Opposition activists reported dozens more people were killed in Syria on Thursday as the United Nations General Assembly overwhelmingly condemned the Syrian government's "systematic violations of human rights" and backed a plan calling for President Bashar Assad to relinquish power.
The vote by the 193-member body in New York provided a symbolic victory for the United States, Turkey, Arab nations and others calling for the ouster of the Syrian leader.
But the move seemed unlikely to make much difference on the ground in Syria, where the U.N. says more than 5,000 people have died in the conflict since antigovernment protests erupted almost a year ago.
Opposition activists reported at least 63 people killed Thursday, including 38 in the rebellious northwestern province of Idlib, where the government is fighting to regain control of territory lost to armed rebels.
Casualty figures cannot be independently verified in much of Syria, where media access is limited.
As the nation veers toward civil war, a fresh government offensive also was reported Thursday in the southern province of Dara, where the rebellion began in March.
The coalition seeking Assad's ouster had twice been thwarted in the U.N. Security Council, but it found a more receptive audience in a chamber that includes most of the world's governments.
Although the resolution approved Thursday is nonbinding, its supporters hope that it will increase pressure on the embattled Assad while bestowing additional political and moral authority on the international coalition pushing for him to step down.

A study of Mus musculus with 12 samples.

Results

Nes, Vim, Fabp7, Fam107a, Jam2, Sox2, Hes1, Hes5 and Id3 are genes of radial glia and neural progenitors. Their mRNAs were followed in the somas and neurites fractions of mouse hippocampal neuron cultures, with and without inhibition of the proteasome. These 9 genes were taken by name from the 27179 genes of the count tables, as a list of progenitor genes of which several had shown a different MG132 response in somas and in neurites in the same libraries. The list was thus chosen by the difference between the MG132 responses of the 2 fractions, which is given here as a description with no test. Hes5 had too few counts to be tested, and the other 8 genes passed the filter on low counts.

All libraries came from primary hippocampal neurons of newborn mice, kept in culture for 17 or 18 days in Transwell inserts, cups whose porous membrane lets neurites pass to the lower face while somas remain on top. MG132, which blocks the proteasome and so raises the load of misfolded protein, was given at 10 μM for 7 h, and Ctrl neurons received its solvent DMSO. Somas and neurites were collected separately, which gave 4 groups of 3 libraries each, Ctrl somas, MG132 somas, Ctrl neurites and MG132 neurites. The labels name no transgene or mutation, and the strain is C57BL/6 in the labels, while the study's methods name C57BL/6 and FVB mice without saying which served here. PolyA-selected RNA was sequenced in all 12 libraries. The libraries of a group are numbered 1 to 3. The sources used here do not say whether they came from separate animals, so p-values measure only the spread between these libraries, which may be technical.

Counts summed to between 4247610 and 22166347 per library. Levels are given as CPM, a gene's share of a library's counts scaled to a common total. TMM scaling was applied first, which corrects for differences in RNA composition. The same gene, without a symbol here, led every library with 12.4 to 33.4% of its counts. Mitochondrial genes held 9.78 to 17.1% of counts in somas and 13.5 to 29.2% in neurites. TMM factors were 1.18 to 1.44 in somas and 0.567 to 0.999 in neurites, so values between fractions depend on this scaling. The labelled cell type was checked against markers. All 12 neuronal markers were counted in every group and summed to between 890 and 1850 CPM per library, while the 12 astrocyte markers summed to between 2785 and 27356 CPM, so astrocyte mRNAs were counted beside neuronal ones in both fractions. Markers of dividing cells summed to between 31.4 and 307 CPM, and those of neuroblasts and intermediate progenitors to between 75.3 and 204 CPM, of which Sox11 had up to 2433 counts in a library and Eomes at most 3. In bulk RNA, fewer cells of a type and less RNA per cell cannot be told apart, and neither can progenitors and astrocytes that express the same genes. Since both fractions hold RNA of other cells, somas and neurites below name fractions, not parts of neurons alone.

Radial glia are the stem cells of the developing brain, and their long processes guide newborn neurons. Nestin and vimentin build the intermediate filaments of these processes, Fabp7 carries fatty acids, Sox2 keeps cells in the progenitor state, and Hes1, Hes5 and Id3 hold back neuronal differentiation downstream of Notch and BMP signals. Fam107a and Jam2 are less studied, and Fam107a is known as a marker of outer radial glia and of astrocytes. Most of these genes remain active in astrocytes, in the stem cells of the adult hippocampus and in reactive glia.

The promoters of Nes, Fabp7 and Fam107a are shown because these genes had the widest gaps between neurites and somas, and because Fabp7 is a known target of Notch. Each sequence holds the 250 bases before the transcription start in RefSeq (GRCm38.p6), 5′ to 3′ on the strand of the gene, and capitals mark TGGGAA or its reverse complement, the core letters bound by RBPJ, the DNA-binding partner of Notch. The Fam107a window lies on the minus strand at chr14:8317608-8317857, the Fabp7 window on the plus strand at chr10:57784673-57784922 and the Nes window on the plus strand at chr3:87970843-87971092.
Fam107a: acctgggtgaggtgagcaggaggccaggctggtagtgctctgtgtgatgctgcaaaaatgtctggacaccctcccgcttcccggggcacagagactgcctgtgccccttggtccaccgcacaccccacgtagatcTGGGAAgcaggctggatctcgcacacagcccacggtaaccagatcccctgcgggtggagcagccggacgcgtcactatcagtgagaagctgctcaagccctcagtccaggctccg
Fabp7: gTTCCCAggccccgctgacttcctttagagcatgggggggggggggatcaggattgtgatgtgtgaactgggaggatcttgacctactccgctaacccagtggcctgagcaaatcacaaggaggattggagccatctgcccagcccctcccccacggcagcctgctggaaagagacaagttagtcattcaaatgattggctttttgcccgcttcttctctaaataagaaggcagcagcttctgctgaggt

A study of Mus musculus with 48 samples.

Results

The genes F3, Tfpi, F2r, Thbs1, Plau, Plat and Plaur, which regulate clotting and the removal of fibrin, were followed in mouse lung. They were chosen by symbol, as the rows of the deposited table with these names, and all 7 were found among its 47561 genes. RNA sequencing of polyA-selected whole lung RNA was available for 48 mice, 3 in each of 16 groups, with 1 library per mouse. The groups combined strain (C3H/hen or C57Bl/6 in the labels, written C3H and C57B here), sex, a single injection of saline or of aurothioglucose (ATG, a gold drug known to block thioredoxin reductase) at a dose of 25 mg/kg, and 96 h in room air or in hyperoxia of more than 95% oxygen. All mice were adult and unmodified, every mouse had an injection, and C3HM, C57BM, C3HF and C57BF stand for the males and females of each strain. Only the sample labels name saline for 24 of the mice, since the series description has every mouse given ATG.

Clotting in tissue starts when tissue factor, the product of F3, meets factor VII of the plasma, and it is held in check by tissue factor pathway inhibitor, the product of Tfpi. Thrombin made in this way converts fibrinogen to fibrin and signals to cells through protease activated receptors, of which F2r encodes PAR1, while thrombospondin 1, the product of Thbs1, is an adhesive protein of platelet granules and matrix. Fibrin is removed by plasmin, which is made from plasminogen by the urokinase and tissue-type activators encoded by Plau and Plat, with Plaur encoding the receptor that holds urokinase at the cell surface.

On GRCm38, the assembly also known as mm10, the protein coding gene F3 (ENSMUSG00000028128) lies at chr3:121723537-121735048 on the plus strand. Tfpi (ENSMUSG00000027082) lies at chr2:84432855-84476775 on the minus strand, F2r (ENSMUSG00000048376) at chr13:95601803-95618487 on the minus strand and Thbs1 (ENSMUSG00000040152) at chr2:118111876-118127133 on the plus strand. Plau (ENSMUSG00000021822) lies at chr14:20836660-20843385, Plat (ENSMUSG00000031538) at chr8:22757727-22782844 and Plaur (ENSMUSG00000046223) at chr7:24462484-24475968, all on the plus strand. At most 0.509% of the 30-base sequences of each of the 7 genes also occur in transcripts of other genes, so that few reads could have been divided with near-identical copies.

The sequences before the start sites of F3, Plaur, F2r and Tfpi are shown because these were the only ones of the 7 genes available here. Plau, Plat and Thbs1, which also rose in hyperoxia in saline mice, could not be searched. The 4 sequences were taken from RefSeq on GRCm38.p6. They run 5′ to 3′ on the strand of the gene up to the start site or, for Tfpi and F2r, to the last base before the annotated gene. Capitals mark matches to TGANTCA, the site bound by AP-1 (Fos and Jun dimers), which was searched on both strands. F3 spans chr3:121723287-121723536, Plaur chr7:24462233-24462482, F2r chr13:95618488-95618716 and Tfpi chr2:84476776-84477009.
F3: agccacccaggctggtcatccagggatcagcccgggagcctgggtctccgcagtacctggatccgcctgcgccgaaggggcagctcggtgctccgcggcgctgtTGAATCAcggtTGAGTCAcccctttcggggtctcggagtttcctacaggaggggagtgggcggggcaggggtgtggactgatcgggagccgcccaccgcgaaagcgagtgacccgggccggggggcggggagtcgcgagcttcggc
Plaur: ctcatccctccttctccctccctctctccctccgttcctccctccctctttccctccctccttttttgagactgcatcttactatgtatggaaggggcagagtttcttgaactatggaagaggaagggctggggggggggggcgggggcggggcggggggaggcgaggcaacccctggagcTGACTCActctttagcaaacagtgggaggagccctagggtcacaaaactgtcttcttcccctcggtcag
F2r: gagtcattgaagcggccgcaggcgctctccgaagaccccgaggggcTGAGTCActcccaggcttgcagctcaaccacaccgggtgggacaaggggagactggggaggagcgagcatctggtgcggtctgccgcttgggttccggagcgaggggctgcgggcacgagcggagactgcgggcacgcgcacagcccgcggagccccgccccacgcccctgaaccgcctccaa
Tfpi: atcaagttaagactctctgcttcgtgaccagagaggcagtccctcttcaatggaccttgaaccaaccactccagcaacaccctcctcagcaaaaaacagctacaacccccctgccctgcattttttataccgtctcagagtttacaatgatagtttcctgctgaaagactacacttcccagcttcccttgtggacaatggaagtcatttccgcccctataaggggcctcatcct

"Today, the U.N. General Assembly sent a clear message to the people of Syria: The world is with you," said Susan Rice, the U.S. ambassador to the U.N.
Syria's U.N. ambassador, Bashar Jaafari, denounced the vote as a "shameful" sellout by a "Trojan horse" Arab League to the West and Israel. He predicted that it would lead to "more chaos and more crisis."
Among other provisions, the U.N. resolution backs an Arab League plan calling for Assad to relinquish power as part of a transition to a more representative government in Syria, which has been ruled for more than 40 years by the Assad family.
Unlike votes in the Security Council, however, the resolution does not have the force of law. The General Assembly measure is similar to a Security Council resolution vetoed on Feb. 4 by Russia and China. Russia and China also voted against Thursday's measure.
Russia's U.N. ambassador, Vitaly Churkin, lamented that the measure was designed to "isolate the leadership" of Syria rather than promote dialogue.
His comments underscored the fundamental divide in the Syria debate: The time for dialogue is over, according to the anti-Assad coalition that includes the U.S., most Arab nations, Turkey and Western Europe. All have called on Assad to step down. But Russia and China argue that dialogue still has a chance.
Russian Foreign Minister Sergei Lavrov flew to Damascus this month and said Assad was open to negotiation with the opposition. A high-level Chinese delegation is expected in the Syrian capital in the coming days.
The anti-Assad coalition has formed a "Friends of Syria" alliance to assist the Syrian opposition. The "friends" group is scheduled to meet in Tunisia on Feb. 24 and is expected to approve humanitarian and other aid for those seeking to oust Assad.
For his part, Assad has called for a referendum on a draft constitution to be held Feb. 26 despite the ongoing violence. The constitution would enshrine new freedoms, end the monopoly on power of Assad's Baath Party and set a timetable for multiparty elections.
The Russian government called the referendum a hopeful step. Jay Carney, the White House press secretary, labeled it "laughable."
On Thursday, opposition groups said the Syrian government raided a press-freedom advocacy center in Damascus, arresting rights activist Mazen Darwish and a dozen others, including Razan Ghazzawi, a U.S.-born blogger.
The New York-based Committee to Protect Journalists condemned the arrests as "a blatant attempt to close off a vital source of information not only for Syrians but for the international media," said the committee's deputy director, Robert Mahoney.
Special correspondent Rima Marrouch contributed to this report.